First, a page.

There is growing support to create a Class 6A that would send even more Texas high school football teams to the playoffs, the head of the University Interscholastic League said Monday.
UIL executive director Charles Breithaupt said "it's more likely now than ever" that about 1,200 high schools would be realigned into six classes of roughly equal size in a shake-up geared at putting more teams in the postseason. Under the plan, four schools from every district of every size would make the playoffs.
Currently, only the two largest classifications - 5A and 4A - advance four teams from each district. Critics say it has created watered-down system where schools that finish 2-8 can sometimes advance in weak districts.
Breithaupt said schools have consistently indicated on surveys that more playoff teams are better.
He wondered if the preference was a product of the everyone-gets-a-trophy mentality that has become common in youth sports leagues.
"You look at the generation we're raising up ... you say those kids are used to getting more," Breithaupt said. "They're used to being in the playoffs. They're used to an extra game and a trophy and being crowned. So maybe it's just us fitting in with societal needs."
Schools will be surveyed about the proposed expansion in October. If there is wide support, the plan could be approved as early as January.
Football realignment is always a hot-button issue in Texas. Until 1989, only one state champion was crowned for each classification. The next year saw Class 5A split its playoffs into Division I and Division II championships, a system that has trickled down to lower classifications.
One issue is the growing disparity of enrollments between schools in Class 5A. Some have called for the UIL to create a "superconference" of the 100 or so biggest schools, but Breithaupt said the talk now has shifted to making the classifications more balanced.
Breithaupt said making six classifications of about 200-210 schools would be easy. Giving an example, Breithaupt said the current six-man Class 1A Division II would become Class 1A, the current 1A Division I would become 2A, 2A would become 3A, and so on.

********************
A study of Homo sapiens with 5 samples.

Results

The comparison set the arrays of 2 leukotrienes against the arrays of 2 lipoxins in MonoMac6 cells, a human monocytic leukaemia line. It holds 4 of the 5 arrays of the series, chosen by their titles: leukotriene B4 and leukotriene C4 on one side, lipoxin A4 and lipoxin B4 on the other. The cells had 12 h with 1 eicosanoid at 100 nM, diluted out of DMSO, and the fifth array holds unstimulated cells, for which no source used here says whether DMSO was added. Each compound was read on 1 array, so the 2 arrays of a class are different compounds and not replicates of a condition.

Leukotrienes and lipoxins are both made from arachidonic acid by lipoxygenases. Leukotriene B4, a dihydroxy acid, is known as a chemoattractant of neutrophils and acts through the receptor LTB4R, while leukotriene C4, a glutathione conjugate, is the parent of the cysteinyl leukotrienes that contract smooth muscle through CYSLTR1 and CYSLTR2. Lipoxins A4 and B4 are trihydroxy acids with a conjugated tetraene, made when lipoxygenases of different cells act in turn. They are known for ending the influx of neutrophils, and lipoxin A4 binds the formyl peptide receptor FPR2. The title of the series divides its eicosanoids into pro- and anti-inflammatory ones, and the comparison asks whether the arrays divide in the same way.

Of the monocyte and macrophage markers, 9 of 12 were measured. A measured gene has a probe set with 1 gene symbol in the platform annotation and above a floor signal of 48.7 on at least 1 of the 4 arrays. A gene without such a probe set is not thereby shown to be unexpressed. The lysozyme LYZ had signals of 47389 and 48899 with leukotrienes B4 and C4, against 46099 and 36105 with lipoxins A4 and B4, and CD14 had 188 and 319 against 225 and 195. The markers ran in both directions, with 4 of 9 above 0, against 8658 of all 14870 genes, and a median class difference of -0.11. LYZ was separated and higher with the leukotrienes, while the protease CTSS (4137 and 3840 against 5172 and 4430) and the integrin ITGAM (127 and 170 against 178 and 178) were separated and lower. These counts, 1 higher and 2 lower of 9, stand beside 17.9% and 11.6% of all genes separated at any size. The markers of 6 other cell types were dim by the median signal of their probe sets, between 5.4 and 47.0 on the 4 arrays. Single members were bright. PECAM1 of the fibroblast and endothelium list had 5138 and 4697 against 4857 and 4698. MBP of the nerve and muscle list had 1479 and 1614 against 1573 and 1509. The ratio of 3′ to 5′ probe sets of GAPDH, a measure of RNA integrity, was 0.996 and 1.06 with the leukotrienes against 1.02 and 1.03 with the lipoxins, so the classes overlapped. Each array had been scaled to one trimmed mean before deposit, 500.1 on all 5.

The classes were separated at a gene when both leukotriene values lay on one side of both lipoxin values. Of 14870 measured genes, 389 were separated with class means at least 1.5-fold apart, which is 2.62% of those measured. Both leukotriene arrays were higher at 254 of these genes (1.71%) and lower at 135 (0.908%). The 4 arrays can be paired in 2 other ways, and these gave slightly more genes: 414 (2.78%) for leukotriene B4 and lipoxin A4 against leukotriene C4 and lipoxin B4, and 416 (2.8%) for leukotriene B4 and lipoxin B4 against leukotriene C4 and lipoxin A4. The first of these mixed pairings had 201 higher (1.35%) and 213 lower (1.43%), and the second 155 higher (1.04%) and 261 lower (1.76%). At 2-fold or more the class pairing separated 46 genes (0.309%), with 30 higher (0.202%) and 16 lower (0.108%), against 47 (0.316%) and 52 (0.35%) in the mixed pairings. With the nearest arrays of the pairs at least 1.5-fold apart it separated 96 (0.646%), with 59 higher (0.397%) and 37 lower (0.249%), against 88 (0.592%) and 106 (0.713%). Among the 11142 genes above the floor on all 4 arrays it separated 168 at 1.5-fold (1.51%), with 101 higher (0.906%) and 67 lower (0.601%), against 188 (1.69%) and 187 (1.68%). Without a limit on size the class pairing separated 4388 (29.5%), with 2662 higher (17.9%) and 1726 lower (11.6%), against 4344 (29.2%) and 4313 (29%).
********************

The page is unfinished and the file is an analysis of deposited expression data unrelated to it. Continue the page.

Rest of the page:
Breithaupt didn't want to predict whether the plan - one of several ideas on the table - will pass, but said it was generating a lot of attention.
"I think there is a lot of interest from our schools of having six complete conferences and having four teams in the playoffs in everything," Breithaupt said. "At this time, it's the thing I'm hearing more from our schools."
Texas: Taylor leads North to all-star hoops win
T.J. Taylor of Denison (Texas) High scored 18 points to lead the North to a 113-95 win over the South in the annual Texas High School Coaches Association All-Star Basketball Game in San Antonio.
The performance was good enough to earn the University of Oklahoma signee the North's most valuable player award.
He helped the North regain control every time the South threatened, including the third period after the South had trimmed 15 points off the North's 19-point halftime lead. He then opened the fourth quarter with a slam dunk and an assist as the North began to pull away.
Darius Richardson of Richmond (Texas) Fort Bend Bush, a Texas-Arlington signee, was named the South MVP with a 23-point performance.
Iowa: Alleged Cedar Rapids stadium vandals arrested
Cedar Rapids authorities say three suspects have been arrested in connection with a string of vandalism that includes graffiti at Kingston Stadium.
Authorities identified the men arrested as 20-year-old Andrew Ronnenberg, 18-year-old Lester Good and 17-year-old Nicholas Daugherty. All three, from Cedar Rapids, have been charged with second-degree criminal mischief.
Cedar Rapids Community School District officials say about $1,550 in damage was done as a result of the graffiti, which occurred last week.
Some of the graffiti allegedly included a vow to blowup the stadium.